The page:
Plastic: Innovation or Devastation?


Try for a moment imagining a world without plastic. What would life look like? What would be different? Think about restaurants and gas stations. Think about your junk drawer at home. Think about your wardrobe… The buttons on your coats and the cars that you drive. 1 million conveniences and 1 million necessities… All possible because of plastic.

AND NOW IMAGINE FOR A MOMENT A WORLD WHERE PLASTIC WAS NO LONGER MANUFACTURED.

What changes would you need to make today if plastic could no longer be manufactured or sold? What changes would need to be made if plastic was outlawed? Every once in a while you’ll hear talk of plastic bags at grocery stores being eliminated. Every so often you’ll hear about the amount of plastic bottles flushed into the streets in places like Haiti where freshwater is in short supply and so bottled water is given as a supplement. And truthfully, eliminating plastic bottles and plastic grocery bags would be a tremendous accomplishment.

BUT IT’S REALLY JUST THE TIP OF THE ICEBERG.

Plastic, in all of its forms, truly is all around us. It’s in our hospitals and medical clinics. In every sport and every kitchen. It’s in the clothes that you wear and in the devices you’re using to read this article. Plastic is an integral part of our lives and the efforts to make plastic a thing of the past are probably, in complete transparency, rather arbitrary. Our world does not easily dispose of the things that make life easier… Or cheaper.

So go again to that world where there is no plastic. Whether plastic never existed or could no longer be manufactured – a world without plastic is hard to even wrap our heads around. We rely on it. We expect it. We need it.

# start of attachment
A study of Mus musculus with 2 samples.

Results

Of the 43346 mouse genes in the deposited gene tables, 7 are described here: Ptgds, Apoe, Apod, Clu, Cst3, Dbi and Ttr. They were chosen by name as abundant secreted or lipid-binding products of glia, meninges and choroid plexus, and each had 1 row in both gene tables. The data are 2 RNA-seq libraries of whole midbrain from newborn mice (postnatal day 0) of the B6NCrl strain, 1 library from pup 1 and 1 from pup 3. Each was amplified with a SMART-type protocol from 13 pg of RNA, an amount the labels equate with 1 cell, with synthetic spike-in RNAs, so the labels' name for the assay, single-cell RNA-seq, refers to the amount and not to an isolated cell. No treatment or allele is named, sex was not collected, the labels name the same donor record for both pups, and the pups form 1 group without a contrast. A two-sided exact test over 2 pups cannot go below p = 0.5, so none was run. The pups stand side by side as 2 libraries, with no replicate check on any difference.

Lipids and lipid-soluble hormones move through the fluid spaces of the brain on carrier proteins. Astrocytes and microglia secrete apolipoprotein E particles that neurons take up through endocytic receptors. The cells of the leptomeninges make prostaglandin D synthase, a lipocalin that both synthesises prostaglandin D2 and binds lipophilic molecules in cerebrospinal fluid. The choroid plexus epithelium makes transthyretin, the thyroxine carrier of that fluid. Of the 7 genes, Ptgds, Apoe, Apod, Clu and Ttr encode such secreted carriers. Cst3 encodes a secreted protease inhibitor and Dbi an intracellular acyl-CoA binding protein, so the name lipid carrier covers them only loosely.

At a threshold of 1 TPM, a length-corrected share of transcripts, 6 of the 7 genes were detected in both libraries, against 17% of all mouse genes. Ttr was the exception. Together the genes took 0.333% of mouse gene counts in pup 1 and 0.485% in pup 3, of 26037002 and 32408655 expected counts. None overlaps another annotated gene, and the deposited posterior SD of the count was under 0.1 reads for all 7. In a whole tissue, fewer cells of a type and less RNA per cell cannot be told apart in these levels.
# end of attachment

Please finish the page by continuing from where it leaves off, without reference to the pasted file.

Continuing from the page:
BUT WHAT DO WE DO ABOUT IT?

At Filtrol, we are fully aware of the massive dependence our world has on plastic. And our goal is not to eradicate it from existence. Instead, it’s to make the world we live in is absolutely beautiful and untarnished as possible. It’s to give our children and their children and their children’s children’s children the same beauty that we get to experience whenever we hike the Superior Trail, swim in the ocean, or drink a glass of water or a microbrew. We’re not here to get rid of plastic. We are here so that our world knows how to live with it.

And that means we have to keep plastic from damaging our planet. We have to control our processes and our manufacturing standards so that we aren’t flushing billions of microfibers into freshwater sources. And we have to be responsible in our innovations. If we can do this, there is a chance that the existence of plastic can be an innovation without meaning total devastation.

But it’s in our hands to make the change.